I’d been writing short stories for several months when a small idea popped up in my head. It wasn’t an idea so much as it was a title.
I work for a nonprofit, and for every aspect that’s rewarding, there are others that are stressful, aggravating, and mind-boggling. One of my coworkers and I had a running joke that we’d start our own nonprofit, but for people who worked at them. We called it Recovering Nonprofit Workers, shortened to RNW (pronounced “Renew”); and it would work tirelessly to save nonprofit workers from the crazier aspects of the nonprofit office life.
The joke ran its course, but earlier last summer, I found myself reflecting on it as an idea for a story. I created a folder called RNW, as a reminder to consider it. I considered it while I wrote other pieces, but had a hard time coming up with the story.
To have a story, one must have characters; and I finally got one. Her name is Beth. Working in service is her dream — a dream she’s happy to see take root in a full-time job, albeit in an office that tests her patience. She has a lot of trouble opening up to people — myself included. As such, she and her story simply flickered in and out of my mind as I worked on other things.
However, she kept showing up — and so did another character. He wavered in and out of the flashes of the story I’d have in my mind. He was obviously important, but I wasn’t sure why. Finally, in September, as I took a walk around the National Mall and daydreamed about my stories, Beth told me: “I’m sleeping with him.”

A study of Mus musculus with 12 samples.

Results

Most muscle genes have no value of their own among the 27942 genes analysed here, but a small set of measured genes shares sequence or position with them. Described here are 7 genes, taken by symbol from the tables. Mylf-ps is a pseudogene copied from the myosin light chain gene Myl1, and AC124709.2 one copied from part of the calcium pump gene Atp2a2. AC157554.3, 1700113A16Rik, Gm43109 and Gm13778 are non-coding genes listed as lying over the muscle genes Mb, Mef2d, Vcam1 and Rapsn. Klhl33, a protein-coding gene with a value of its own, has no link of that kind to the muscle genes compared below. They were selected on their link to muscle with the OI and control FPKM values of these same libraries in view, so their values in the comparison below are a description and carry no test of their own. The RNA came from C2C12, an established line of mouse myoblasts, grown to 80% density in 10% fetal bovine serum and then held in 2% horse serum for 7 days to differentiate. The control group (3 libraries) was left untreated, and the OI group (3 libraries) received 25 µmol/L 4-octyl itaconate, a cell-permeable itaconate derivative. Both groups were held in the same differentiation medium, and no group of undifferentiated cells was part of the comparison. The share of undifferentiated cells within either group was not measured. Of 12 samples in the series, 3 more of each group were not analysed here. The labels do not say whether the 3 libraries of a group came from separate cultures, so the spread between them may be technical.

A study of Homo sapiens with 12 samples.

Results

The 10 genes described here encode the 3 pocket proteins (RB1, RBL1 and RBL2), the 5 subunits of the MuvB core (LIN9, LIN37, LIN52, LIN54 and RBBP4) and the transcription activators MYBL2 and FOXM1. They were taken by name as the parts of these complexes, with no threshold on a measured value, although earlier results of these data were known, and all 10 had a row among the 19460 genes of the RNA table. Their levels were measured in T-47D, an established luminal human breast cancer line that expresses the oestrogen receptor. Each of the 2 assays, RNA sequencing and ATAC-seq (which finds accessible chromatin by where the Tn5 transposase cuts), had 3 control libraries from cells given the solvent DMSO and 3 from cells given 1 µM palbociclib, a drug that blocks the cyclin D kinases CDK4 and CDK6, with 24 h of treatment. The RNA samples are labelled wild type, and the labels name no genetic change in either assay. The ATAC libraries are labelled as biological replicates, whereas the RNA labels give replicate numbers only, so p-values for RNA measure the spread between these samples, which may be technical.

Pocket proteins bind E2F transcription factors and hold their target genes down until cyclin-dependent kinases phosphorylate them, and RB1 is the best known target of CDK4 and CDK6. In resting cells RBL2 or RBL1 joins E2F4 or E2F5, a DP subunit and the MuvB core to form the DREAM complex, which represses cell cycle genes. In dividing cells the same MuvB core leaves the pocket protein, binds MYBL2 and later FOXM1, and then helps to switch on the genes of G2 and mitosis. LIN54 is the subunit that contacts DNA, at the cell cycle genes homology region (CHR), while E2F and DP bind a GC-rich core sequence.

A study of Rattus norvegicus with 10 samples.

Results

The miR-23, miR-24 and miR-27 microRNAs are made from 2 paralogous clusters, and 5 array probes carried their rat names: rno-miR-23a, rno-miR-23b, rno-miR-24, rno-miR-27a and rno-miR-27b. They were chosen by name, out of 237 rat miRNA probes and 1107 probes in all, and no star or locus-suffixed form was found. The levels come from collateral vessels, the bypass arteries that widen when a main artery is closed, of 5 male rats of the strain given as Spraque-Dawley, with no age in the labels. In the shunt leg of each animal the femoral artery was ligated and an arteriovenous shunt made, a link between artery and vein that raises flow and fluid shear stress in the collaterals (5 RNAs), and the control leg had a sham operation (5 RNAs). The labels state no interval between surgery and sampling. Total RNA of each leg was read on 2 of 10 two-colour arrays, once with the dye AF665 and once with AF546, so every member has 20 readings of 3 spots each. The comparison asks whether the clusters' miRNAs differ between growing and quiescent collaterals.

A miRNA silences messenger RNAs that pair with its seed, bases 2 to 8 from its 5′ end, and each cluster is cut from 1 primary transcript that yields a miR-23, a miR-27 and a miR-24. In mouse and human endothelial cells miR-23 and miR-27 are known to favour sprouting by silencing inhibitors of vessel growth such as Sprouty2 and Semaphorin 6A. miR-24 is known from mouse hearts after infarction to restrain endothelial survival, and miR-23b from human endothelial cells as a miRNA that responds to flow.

I didn’t believe her at first, because it seemed so out there, given what I knew about him. But, she assured me it was true. I believed her. And, I went home and wrote both their first date and the first time he opened up to her about something in his past.
That was in September. It is March. I’ve created 30 characters (including major and periphery), devised each major plot point, and written over 120,000 words (it will be edited). It’s gone through many changes, and will go through many more. All of them, though, follow the same premise: what is it like to be someone who works in service, yet can’t open up and allow others to help her? That premise is currently under the title of Please Give. It’s the first novel I’ve ever come close to completing, and I’m excited to see how it — both the story, and the process of writing it — ends.
I’ll share more of the plot, thoughts on writing I’ve developed during the process, and perhaps some passages over the next several weeks. I am very excited for this project, as I like the characters and really enjoy their interactions. It’s taken up a lot of my thoughts since that fateful walk in September, and I look forward to sharing some of those thoughts with you — once, like Beth, I am ready to do so.